A History of Changing the Clocks in Britain
With debate raging about whether we should put the clocks back in winter, a look at the history of the debate.
News that the government is considering moving the UK’s clocks forward by an hour for a three-year trial period has prompted a strong feeling of déjà vu among many of us.
From 1968 to 1971 a similar experiment was conducted – when, instead of putting the clocks back in winter by an hour, the clocks of England, Wales, Scotland and Northern Ireland remained unchanged.
This four-year trial resulted in lighter evenings – something which road safety associations like GEM Motoring Assist believe would result in safer roads for the members they provide breakdown cover to.
There is much to learn by rewinding the clock and looking at the history of British Summer Time (BST) and the debates related to this controversial system.
BST begins on the last Sunday of March and ends on the last Sunday of October. At the start of this period, the clocks are advanced by one hour from Greenwich Mean Time (GMT). At the end of the period the clocks are put back by an hour.
A history of British summer time
1880 – GMT was adopted across Britain. Prior to GMT, and until the advent of the railways, people kept time by the sun – an organic system known as local mean time
1916 – Surrey builder William Willett proposes to put the clocks forward by 80 minutes in staggered 20-minute weekly steps beginning each April with the repeat procedure being staged in September. A simplified two-stage version of his idea is adopted and BST is born
1940 to 1945 – During World War II, Britain operated on a British ‘Double Summer Time’ system – with the clocks jumping two hours ahead of GMT during the summer month
1968 to 1971 – In response to business and public opinion polls, Harold Wilson’s government introduced the British Standard Time trial with Britain remaining on GMT +1 hour throughout the year. Analysis of the first two years of the trial found that the resulting darker mornings in the autumn resulted in an increase in road casualties during the early hours. But this was offset by a substantially greater reduction in the number of road casualty incidents occurring in the evening. A total of 2,700 fewer people were killed or seriously injured during the first two winters of British Standard Time.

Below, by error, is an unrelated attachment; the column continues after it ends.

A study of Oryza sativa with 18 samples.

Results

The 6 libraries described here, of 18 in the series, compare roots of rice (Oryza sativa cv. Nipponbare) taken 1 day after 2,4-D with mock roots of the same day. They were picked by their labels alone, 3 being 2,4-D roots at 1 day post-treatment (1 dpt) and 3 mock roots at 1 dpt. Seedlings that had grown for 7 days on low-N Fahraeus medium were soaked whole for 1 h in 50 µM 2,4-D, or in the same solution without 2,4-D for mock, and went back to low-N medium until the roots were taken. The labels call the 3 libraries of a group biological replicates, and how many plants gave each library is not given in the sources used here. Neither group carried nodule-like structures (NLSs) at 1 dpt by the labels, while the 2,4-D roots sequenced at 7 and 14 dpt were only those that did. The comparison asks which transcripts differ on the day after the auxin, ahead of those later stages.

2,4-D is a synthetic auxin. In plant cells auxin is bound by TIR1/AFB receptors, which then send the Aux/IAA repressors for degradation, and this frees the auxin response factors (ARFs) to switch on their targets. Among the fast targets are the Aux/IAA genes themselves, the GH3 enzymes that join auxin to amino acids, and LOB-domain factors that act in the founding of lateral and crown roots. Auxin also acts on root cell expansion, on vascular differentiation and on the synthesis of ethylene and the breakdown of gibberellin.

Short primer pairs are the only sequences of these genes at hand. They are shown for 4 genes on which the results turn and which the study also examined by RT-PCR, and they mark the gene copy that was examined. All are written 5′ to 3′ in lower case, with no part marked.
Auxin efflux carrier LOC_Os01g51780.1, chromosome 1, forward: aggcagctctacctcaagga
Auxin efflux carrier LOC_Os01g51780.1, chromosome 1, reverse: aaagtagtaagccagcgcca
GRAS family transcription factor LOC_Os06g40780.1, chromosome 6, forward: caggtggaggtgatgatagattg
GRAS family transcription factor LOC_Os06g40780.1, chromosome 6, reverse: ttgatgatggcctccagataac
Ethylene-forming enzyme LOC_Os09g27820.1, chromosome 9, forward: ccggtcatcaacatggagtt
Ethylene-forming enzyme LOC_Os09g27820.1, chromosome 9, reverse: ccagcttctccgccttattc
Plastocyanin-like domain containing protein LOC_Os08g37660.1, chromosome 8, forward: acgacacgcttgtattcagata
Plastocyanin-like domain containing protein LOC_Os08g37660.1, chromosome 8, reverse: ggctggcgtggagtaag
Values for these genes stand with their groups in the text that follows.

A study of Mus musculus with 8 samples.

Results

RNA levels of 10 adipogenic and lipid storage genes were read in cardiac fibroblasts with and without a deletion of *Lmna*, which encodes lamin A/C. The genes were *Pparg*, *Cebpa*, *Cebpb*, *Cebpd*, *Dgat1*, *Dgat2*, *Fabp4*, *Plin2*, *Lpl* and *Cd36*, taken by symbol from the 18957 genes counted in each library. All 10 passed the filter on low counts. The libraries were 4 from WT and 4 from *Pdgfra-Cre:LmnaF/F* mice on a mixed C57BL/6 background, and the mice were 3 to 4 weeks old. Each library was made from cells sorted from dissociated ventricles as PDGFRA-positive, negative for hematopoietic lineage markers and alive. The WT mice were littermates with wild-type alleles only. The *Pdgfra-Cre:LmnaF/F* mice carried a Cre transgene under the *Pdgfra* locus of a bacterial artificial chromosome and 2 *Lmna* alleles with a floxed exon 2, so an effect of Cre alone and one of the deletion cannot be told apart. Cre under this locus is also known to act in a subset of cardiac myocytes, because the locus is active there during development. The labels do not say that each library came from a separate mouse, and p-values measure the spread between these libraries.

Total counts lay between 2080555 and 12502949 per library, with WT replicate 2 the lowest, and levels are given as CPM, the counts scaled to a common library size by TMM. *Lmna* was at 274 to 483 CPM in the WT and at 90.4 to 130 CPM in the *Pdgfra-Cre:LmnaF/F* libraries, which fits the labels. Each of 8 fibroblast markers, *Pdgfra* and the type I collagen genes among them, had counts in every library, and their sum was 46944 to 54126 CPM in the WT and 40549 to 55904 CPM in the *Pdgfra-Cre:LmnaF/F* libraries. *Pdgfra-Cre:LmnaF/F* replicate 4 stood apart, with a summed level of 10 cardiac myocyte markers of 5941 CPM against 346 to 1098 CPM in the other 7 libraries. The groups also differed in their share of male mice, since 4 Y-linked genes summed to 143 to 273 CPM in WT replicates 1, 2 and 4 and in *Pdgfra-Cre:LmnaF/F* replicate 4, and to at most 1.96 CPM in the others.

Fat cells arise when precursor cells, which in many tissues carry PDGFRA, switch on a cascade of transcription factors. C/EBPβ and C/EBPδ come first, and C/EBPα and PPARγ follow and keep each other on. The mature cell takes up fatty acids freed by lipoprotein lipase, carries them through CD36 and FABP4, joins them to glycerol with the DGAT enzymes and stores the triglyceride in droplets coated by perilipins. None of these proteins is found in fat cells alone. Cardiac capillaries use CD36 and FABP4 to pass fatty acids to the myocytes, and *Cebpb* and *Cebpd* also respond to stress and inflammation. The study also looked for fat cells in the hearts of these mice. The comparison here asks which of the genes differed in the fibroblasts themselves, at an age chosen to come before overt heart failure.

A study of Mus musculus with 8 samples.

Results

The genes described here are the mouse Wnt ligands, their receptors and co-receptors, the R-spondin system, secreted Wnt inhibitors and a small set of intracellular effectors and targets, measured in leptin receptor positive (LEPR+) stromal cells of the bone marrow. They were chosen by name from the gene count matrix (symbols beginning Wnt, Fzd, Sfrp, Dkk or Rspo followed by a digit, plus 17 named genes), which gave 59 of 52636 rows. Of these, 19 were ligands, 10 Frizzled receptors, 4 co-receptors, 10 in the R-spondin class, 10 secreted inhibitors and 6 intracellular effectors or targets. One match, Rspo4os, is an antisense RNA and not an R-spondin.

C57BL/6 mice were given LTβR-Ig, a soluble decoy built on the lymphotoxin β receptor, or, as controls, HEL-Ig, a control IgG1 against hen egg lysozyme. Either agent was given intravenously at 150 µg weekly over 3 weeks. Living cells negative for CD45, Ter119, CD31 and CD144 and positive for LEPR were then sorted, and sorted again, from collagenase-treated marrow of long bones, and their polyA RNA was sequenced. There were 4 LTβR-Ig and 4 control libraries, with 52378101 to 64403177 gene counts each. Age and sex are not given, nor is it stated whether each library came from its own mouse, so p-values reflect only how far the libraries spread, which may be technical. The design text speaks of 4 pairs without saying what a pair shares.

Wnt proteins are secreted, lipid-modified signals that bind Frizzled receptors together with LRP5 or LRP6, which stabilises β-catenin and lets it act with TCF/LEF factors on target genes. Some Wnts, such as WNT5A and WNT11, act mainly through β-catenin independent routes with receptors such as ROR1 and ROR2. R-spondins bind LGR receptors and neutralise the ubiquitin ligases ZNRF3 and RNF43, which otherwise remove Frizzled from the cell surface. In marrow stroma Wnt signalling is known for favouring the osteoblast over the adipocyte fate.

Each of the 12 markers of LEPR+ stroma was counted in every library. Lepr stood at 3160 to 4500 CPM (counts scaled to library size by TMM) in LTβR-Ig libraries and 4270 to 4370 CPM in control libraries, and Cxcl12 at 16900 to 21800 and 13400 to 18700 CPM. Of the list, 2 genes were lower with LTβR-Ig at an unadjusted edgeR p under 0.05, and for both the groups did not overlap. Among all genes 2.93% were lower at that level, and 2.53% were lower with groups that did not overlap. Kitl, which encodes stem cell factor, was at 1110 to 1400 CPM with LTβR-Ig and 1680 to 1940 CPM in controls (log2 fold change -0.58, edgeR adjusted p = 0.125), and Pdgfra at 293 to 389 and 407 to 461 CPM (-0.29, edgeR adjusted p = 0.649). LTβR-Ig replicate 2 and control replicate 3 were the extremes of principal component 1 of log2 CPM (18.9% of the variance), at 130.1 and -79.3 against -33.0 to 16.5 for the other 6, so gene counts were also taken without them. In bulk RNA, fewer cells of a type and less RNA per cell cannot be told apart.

Despite the success of the trial, the House of Commons voted by 366 to 81 votes to discontinue the trial.
2004 – Labour MP Nigel Beard tabled a Private Members Bill proposing that England and Wales should be able to set their own clocks independently of Scotland and Northern Ireland (two countries where opposition to extending BST is particularly strong). If the Bill had been adopted, it would have seen the UK split into different time zones – something current Prime Minister David Cameron has ruled out.
2010 – Tory MP Rebecca Harris tables the Daylight Saving Bill which requires the government to instigate, and act upon, research into whether living an hour ahead of GMT in winter and two hours ahead in summer would benefit the UK.
2011 – The Bill has now reached Committee Stage. English government ministers are writing to counterparts in Scotland, Wales and Northern Ireland to seek consensus on a three-year experiment trialling the effect of moving the clocks forward by an hour.
Any move which results in lighter evenings in the winter is welcomed by David Williams, CEO of GEM Motoring Assist.
Mr Williams said: “When the clocks go back each winter, the number of road accidents – some of them fatal – rockets. It happens every year. There’s a big difference in kids coming out of school in daylight and then suddenly coming out of school in pitch darkness. All evidence points to the fact that having an extra hour of daylight at the end of the day will help the environment, help the elderly, help the young and help road safety.”
The road safety expert added: “It’s the most cost-effective safety measure the government could introduce and it won’t cost a penny!”
But the Bill is unlikely to have a smooth passage. The Scottish National Party (SNP) remains staunchly opposed; with many of its MPs pointing out that if the clocks didn’t go back in winter, some parts of the far north would remain in darkness until 10am.
The SNP’s Westminster Office declined to comment on the matter when I contacted them.